IAM Mourns Maine Shipyard Legend

IAM Mourns Maine Shipyard Legend

The IAM mourns the loss of a Bath Iron Works (BIW) icon, Clayton Grover. The Local S6 member passed away at 87 on October 4, 2019 after a brief illness.

For nearly seven decades Brother Grover has reported for duty at BIW, often saying that he continues to work “because I still can,” and that “it keeps me going” while adding “I don’t want to retire, and become a couch potato.”

Read Clayton’s obituary here .

Like many young men of the era, at 19 he followed his father into the shipyard in 1952 going to work as a pipe coverer. In January 1953, he joined the U.S. Army during the Korean War, serving until January 1955, then returning to work at BIW. Sixty-seven years later he was the oldest employee at BIW, working in the same department he started in making flushing bags for the ship’s piping.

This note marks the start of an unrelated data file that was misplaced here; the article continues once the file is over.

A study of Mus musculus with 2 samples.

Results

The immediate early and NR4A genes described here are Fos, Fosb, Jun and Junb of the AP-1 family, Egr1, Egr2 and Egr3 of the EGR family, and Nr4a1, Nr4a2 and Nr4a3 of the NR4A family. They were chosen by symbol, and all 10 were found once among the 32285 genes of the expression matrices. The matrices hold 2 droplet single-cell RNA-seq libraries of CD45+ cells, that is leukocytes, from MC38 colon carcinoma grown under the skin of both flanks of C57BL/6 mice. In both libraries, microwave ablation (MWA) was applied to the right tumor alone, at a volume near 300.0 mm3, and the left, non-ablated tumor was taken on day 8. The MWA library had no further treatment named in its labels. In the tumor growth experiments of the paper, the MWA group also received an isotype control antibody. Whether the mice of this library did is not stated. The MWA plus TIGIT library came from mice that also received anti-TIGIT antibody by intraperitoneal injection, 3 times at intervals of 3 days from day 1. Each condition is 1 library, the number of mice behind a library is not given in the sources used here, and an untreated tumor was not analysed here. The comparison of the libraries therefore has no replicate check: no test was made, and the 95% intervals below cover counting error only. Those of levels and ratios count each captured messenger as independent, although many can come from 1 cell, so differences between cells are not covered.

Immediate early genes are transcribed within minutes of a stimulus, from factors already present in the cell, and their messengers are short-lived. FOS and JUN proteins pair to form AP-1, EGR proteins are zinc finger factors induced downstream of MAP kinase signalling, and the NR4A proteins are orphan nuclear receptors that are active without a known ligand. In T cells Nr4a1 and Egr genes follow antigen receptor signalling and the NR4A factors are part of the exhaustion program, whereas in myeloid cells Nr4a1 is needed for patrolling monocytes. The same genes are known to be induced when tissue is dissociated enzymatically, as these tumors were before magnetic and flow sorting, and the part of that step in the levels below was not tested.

Grover was presented with his 60-year pin and certificate while in the hospital with friends and IAM representatives by his side.

Grover was a proud member of Local S6, and would often say that the “union, no doubt had improved the working life” for everyone working the shipyard. A native of Maine, Grover married his beloved wife Shirley in 1956, who passed in 2016. 

“Brother Glover was a truly dedicated worker, and union member,” said IAM District 4 Directing Business Representative Rick Compher. “Our deepest sympathies go out to his family, friends, and his extended union family throughout the shipyard, he will truly be missed.”

“Men and women like Clayton Grover helped build this country,” said Eastern Territory General Vice President Jimmy Conigliaro Sr. “They are the workers that gave rise to the working class, joining unions to build better jobs, with better wages, fighting for healthcare, expanding coverage to vision care, and dental. We owe Brother Grover, and those like him our sincere debt of gratitude.”